Surabhi Sharma
Duration: 76'  India, 2002
She graduated from St. Xavier's College (Mumbai, 1991) with a degree in Psychology and Anthropology. She completed a diploma in Social Communication Media at the Sophia Polytehnic (Mumbai, 1992). She has also received a degree in Film Direction from the Film and Television Institute of India, Pune, 1997.
Vikalp Films For Freedom Festival, Mumbai, 2004
Mumbai Resistance, Reels of Resistance Film Festival, 2004
Quotes From The Earth, New Delhi, 2004
Kara Film Festival, Karachi, 2003
Vatavaran Film Festival, New Delhi, 2003
Women In Film, Substation, Singapore, 2003
Planet In Focus, Toronto, 2003
Other World Film Festival, Hyderabad, 2003
Third Best Film, Indian Documentary Producers' Association, 2003
2002 Aamakaar (The Turtle People)
2001 Jari Mari: Of Cloth and Other Stories
1997 Work In Progress
Surabhi Sharma

Cinematography: Setu, Sudheer Palsane
Sound: Suresh Rajamani
Edited by: Sujata Narula
Music: Rajivan S.A
Producer: Sunil Shanbag
Production: Chrysalis Films
How does one tell the story of a community that on the one hand is fighting a political battle to retain control over their resources, and on the other, sees a deep philosophical meaning to its work of conserving Olive Ridley Turtles? The two battles seem to stand apart, but in the minds of the community one battle is meaningless without the other. As a filmmaker the challenge was in retaining the individual resonance of each struggle. Immense care had to be taken to breathe the rhythm that is intrinsic to the village into our edited structure. It was important to represent not just our experience of the village, but how the community wanted to be represented.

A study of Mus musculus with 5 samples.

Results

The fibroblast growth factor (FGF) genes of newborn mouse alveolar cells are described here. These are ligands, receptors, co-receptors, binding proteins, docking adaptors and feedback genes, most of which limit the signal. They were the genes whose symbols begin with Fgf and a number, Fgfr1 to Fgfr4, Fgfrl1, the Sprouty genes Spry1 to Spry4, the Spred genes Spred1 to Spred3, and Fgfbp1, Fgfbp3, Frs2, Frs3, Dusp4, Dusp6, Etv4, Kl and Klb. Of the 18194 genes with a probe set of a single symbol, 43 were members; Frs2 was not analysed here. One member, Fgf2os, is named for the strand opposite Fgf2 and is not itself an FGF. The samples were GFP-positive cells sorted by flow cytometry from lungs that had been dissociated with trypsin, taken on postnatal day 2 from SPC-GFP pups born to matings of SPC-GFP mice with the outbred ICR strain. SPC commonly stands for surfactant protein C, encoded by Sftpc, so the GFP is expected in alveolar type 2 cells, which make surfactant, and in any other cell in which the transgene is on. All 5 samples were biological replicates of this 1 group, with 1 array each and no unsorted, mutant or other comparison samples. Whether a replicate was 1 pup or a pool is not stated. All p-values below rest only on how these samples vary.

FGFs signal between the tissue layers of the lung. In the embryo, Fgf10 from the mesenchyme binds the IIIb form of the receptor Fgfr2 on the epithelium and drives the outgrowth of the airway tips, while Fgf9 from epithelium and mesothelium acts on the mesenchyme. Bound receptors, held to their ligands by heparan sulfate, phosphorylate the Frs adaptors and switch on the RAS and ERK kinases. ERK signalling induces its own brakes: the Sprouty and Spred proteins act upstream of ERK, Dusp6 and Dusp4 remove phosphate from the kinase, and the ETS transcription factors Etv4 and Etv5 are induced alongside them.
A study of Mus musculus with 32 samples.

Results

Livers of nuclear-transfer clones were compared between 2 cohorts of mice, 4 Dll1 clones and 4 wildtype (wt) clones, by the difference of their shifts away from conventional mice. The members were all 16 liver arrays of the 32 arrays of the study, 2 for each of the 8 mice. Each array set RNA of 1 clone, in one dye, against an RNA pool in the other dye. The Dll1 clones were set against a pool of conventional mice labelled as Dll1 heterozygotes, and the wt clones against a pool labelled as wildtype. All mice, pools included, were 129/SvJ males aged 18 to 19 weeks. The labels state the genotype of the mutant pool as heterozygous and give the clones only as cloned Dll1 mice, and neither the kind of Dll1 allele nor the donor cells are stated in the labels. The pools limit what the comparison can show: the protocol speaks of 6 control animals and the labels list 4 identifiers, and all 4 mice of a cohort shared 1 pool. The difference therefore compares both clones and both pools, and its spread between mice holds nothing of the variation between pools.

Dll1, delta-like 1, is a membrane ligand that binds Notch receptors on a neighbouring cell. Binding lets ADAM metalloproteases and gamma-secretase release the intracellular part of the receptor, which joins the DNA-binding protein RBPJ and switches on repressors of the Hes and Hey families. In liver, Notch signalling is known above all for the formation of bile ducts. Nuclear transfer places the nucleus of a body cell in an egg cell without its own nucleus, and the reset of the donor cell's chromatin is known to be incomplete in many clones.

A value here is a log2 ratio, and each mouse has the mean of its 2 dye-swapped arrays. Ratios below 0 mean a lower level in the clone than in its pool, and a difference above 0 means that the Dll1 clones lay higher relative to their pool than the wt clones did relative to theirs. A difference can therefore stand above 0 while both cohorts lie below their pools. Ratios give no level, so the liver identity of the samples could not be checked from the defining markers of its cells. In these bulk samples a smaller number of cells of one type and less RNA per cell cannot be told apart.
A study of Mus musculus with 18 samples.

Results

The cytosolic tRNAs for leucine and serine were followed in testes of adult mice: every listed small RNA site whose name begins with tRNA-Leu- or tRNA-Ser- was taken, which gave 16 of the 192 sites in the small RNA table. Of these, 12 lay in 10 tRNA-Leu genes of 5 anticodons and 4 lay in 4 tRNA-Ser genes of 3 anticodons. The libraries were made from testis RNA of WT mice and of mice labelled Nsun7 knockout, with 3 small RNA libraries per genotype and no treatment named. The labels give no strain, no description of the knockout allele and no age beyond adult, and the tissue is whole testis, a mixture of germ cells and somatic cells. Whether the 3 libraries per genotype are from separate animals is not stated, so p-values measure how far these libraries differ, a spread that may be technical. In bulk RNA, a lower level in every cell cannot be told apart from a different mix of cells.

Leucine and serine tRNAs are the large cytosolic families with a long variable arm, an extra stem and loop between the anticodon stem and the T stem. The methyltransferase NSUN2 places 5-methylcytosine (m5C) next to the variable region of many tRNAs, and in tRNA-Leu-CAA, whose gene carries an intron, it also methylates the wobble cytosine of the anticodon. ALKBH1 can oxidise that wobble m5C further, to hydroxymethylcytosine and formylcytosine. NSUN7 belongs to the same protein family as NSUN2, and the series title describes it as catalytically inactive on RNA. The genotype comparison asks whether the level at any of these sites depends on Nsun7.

Aamakaar tells the story of preservation. A people of a village in North Kerala fight to preserve their village, their shore, and their livelihoods, threatened by sand mining on their estuary. For the last ten years they have been conserving Olive Ridley Turtles that come to their beach to nest. They see the preservation of a species on the verge of extinction as an extension of their fight against the destruction of their estuary, their village, and their lives. The film follows the rhythm of work in the village to unfold this struggle for existence of a species, of a people.
Excerpts from the critics
A brilliantly made documentary, it speaks clearly about how a small band of determined people could put aside the bad hand being dealt to them and work for the common good. Dawn, Karachi
a film that leaves one with a feeling that not everything is lost as yet The Hindu, Chennai
the film very subtly joins debates raging around conservation perspectives. Down To Earth, New Delhi
Turtle People juxtaposes the community's struggle against elements threatening their village and its natural resources with the life cycle of the Olive Ridley turtle.